Claim to Fame
The sheer red cliffs can be seen from far, far away and at sunrise or sunset appear to be on fire.
- Where is it?on the Bay of Fundy and Minas Basin in the north central sector of Nova Scotia, east end of the Annapolis Valley, about 1 hour from Halifax by car, on the southeast edge of the Blomidon Peninsula
- Coordinates: latitude» 45.2271°
- Water Type: saltwater
- Climate: maritime
- Development: natural area, part of Provincial Park
- Length of Beach: .6m/1km
- Type: red sand
security with its sunny southern exposure and warm red cliffs that rise 109 yards (100 meters) to the north and shelter the beach. This
is one of the most dangerous beaches in Nova Scotia; lives have been lost here, so sudden and high are the tides.
Nonetheless, Cape Blomidon Beach has a magic to it that draws visitors, local and “from away” (Nova Scotia vernacular for,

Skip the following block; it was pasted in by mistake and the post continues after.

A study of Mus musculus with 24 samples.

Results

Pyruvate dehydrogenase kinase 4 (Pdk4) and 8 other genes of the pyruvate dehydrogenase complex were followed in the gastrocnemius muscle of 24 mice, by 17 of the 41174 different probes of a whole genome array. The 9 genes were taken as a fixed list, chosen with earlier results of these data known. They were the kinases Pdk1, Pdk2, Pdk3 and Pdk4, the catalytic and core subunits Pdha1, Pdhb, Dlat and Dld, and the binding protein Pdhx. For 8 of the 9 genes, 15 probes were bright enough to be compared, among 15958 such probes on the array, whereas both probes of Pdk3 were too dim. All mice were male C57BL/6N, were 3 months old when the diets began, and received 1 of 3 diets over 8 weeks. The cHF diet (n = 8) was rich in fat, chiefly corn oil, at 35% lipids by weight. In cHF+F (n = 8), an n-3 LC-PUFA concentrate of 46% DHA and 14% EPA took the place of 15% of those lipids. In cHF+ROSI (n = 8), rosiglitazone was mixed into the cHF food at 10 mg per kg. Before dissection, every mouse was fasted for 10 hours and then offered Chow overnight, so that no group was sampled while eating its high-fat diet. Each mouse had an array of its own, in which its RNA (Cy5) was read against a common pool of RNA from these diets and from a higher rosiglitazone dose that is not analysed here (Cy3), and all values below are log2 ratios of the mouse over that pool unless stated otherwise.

“you were not born here”), and the risks are outweighed by the stunning color, the sea and the serenity.
The red cliffs form part of the North Mountain Range of the Annapolis Valley, and are a sight to behold from various parts of the
valley, including the town of Wolfville and Evangeline Beach, which sits on the Grand Pré lands of the Acadians, and the main
route into the Valley from Halifax, Highway 101. Many a gasp has been uttered as a car rounded the bend, revealing this majestic view.
Accessible by a set of stairs, Cape Blomidon Beach sits at the foot of the red cliffs; a narrow waterfall teems down the façade when
even a little rain has fallen in the region. This is a beach for paddling and beach-combining, strolling and sketching or painting.
Blomidon is short for “blow me down” and one look says it all.
See additional Annapolis Valley Beaches.